Meet the carver - Akapita Scally
04 Jun 2020

Meet the carver - Akapita Scally

Akapita Scally is the newest carver to join our team in the Rotorua workshop. He's been part of the carving industry in Rotorua for nearly 10-years and has had the privilege of working alongside some of the town's finest pounamu artists, including his brother Tamaora Walker who got him started in the craft. 

Aka's designs are notable for their perfect lines and exemplary finishing. His skill in reflecting traditional forms while pushing contemporary boundaries to design pieces that beautifully flow, make his work some of our most desired.



How did your journey as a carver begin?

It all started with my brother Tamaora asking me if I wanted to give carving a go. I’d left high school before I’d graduated and didn’t know what I wanted to do, so I took him up on the offer and joined him at Te Puia where he was working with Lewis Gardiner. There, I spent 3 to 4 months just plaiting cords – so I did a lot of pre-work! Carving really began for me when Tamaora opened his own store in town and he spent the time teaching me all of my base skills to get me going. 


I’m grateful and privileged to have learned all of my base skills from my brother – and I think he likes that too!



What was the first piece you ever carved?

I can’t remember my first ever carving, but the first big job I did on the machines was carving 100 free form pendants. I was a little bit nervous because of the material, as once you grind it's gone and you can’t put it back! But, I think everyone makes quite a few mistakes in the beginning, and trial and error is just part of the process as you learn.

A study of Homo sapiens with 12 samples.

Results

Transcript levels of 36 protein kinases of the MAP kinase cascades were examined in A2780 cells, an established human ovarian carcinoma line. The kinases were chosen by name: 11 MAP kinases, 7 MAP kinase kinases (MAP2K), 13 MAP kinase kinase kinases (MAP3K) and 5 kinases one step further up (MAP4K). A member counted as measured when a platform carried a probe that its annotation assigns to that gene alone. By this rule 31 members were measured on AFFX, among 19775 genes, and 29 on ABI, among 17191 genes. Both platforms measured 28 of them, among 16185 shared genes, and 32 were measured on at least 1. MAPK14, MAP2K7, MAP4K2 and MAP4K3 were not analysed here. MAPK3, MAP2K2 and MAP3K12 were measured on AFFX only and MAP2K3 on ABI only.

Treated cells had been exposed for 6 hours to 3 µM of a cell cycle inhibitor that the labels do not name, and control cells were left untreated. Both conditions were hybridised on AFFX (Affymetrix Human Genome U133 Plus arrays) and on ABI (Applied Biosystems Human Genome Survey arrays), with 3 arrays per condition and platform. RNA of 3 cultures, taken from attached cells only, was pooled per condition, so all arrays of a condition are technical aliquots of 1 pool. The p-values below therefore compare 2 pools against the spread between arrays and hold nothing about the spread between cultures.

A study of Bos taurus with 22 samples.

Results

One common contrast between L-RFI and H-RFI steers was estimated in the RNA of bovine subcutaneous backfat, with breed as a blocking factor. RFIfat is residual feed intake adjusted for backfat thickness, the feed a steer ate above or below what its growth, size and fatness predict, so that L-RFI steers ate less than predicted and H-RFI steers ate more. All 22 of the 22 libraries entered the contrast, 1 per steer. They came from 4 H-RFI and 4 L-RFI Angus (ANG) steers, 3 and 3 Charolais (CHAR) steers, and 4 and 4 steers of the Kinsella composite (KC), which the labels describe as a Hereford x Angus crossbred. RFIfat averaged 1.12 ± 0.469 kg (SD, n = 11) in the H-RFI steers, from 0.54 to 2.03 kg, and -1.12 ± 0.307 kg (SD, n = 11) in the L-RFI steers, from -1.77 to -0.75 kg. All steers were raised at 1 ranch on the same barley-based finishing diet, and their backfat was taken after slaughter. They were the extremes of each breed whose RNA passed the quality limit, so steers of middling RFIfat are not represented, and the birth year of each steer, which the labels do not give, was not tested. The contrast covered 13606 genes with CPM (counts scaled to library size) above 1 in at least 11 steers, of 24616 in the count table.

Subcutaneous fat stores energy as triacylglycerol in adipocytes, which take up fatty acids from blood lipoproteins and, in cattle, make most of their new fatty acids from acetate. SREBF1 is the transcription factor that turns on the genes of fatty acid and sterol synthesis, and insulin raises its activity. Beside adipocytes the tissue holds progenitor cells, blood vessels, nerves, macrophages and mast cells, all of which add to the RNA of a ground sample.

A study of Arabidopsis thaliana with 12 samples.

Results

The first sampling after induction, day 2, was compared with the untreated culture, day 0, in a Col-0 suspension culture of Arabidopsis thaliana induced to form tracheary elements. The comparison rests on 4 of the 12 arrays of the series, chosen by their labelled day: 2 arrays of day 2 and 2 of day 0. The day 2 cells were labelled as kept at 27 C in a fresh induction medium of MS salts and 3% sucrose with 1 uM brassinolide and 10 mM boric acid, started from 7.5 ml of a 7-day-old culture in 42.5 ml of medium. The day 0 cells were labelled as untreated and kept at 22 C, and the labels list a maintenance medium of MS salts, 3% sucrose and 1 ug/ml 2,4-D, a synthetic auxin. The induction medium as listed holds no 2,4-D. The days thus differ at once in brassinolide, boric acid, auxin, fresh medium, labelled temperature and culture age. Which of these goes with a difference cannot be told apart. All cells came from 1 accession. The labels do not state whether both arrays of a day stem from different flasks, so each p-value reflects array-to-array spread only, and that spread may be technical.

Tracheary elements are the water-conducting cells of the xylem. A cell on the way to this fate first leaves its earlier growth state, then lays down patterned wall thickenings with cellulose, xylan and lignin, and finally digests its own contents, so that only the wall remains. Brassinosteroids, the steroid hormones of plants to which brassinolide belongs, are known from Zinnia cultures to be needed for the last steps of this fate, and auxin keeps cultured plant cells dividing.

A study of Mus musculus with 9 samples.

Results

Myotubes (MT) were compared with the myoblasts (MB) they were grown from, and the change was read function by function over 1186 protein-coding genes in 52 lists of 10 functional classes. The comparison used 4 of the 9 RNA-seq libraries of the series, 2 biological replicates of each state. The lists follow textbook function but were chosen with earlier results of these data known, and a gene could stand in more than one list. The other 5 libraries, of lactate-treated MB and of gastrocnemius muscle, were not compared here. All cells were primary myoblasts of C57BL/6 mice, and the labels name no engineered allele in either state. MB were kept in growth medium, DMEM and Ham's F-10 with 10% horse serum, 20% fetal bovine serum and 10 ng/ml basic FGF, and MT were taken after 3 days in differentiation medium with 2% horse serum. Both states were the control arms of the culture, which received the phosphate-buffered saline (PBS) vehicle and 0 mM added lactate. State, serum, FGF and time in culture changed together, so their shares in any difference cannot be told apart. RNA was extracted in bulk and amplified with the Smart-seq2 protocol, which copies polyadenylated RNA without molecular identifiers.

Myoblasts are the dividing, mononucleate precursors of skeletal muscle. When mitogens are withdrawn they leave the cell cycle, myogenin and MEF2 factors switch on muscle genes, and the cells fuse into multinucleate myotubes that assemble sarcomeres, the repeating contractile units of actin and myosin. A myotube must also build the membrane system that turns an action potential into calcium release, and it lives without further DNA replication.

Where does your passion for carving come from?

For me, coming up with a finished product that you created yourself and crafting something that people love is what drives me to carve more and more. I don’t think I will ever want to do anything else; I’ll still be carving pounamu when I’m 80 if I can! When I started, I wasn’t very artistic and I couldn’t really draw with a pencil. But, as I worked on my skills over time, the craft grew on me and now I just love it. I get to do what I love as a job!



My connection to the material also drives my passion, our ancestors all worked the material and its part of my history. I’ve carved other materials too, but there’s something about pounamu and its characteristics that just feels right for me.


Where does the inspiration for your designs come from?

I get a lot of my design ideas from the images I see on a daily basis, whether that be something I’ve seen on the internet or something visually captivating in nature. I use these images as inspiration for the things I want to carve and use my design skills to take the idea to the next level.

A lot of my pieces I design solely for how they look. I am often driven purely by the visual outcome of the piece and the flow of the design, rather than the meaning behind it. Everything I’ve been creating at the moment is all freestyle, so I draw it straight onto the stone, there’s no templating, I just draw. I like how we are not limited by any boundaries; we can carve anything we imagine. If you can draw it, you can carve it!



How do you continue to grow as an artist?

I’m pretty lucky as I’ve learned from so many carvers from around Rotorua. After learning my base skills with Tamaora, I went on to work with renowned pounamu carver Niki Nepia for nearly 7-years. Both Tamaora’s and Niki’s carving styles are quite different, and both of them have greatly influenced my own carving style into something which is unique in its own right. I will continue to learn from those around me and work on new designs as my interests change. 


In the near future, I hope to begin working on carving animals and crafting figures and full forms – breaking away from some of my more traditional work into contemporary art inspired by nature.